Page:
When a leading manufacturer of seating for mass transit applications needed a durable joint that was super strong as well as aesthetically pleasing, it turned to Newcastle-based Advanced Adhesives for a solution.
Few mass-transit applications have as much riding on them as rail, bus, or aircraft seats. In each of these methods of transport, public safety remains dependent to a significant degree on the structural integrity of the individual seats should something terrible occur.
But it isn’t just safety that matters – light weight remains vital too because it translates into less energy needed to move the mass, with corresponding savings for operators. Further, manufacturers are aware of the need to design products that have strong visual appeal to both operators and their passengers.
In the case of the rail seating at the centre of this particular application, it quickly became apparent to the technical team at Advanced Adhesives that its Type 8062 adhesive would deliver on a demanding technical specification for bonding the complete structural carcass of the intended seat: it is an adhesive which the company had history of in transport seating, having had the same adhesive specified for use on an aircraft seat.
In order to secure approval for the project, the seating manufacturer would be required to submit its completed units to exhaustive testing at an approved industry body, where substantial forces in all axes would be applied to determine whether the seat met the minimum published standards for public safety. It did, and with pleasing margins in all of the many criteria tested.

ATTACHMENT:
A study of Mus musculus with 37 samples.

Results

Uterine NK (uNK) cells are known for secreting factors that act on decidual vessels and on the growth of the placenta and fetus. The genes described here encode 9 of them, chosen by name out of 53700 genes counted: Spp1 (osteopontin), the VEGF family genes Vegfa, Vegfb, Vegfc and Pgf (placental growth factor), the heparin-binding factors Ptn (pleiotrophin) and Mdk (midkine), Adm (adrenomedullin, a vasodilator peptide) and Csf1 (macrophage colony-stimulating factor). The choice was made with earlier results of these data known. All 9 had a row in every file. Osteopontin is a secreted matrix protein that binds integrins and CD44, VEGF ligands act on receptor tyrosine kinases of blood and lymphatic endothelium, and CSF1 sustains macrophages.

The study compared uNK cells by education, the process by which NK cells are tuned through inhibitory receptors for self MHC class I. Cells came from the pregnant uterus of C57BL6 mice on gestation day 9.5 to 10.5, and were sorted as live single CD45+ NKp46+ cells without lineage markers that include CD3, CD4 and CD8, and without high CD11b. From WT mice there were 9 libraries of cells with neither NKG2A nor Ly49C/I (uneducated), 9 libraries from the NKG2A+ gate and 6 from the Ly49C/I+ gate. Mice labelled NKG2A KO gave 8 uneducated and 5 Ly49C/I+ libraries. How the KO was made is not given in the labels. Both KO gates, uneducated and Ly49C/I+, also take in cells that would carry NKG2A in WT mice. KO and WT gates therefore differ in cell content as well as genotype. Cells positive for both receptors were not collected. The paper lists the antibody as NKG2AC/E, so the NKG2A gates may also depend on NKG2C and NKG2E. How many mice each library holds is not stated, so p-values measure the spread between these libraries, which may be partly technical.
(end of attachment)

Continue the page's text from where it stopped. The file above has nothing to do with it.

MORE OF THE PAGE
However, before the completed seats could be submitted for these official tests prior to entry into service, the manufacturer needed to see for itself if Advanced Adhesives’ confidence in its bonding solution would be proven in the company’s own testing. To this end a special rig was designed and built at the Advanced Adhesives testing facility in Newcastle which would demonstrate how much strength there was in the bond.
The test was designed to replicate many years of daily use and abuse of the handles on top of the seats by passengers, and the results were interesting. As the test rig approached 800,000 cycles, the structural material to which the adhesive had been applied failed, with the bond itself remain completely intact. As a result of this, Advanced Adhesives secured the contract for bonding the seat carcass on the new design.
Reflecting on another success for Advanced Adhesives, technical director and business owner Graham Crozier observed: “Our ability to test designs in-house has helped many customers prove concepts at the earliest possible stages in their designs, permitting speedier product development with the potential for huge savings by getting things right before committing to a design or process.”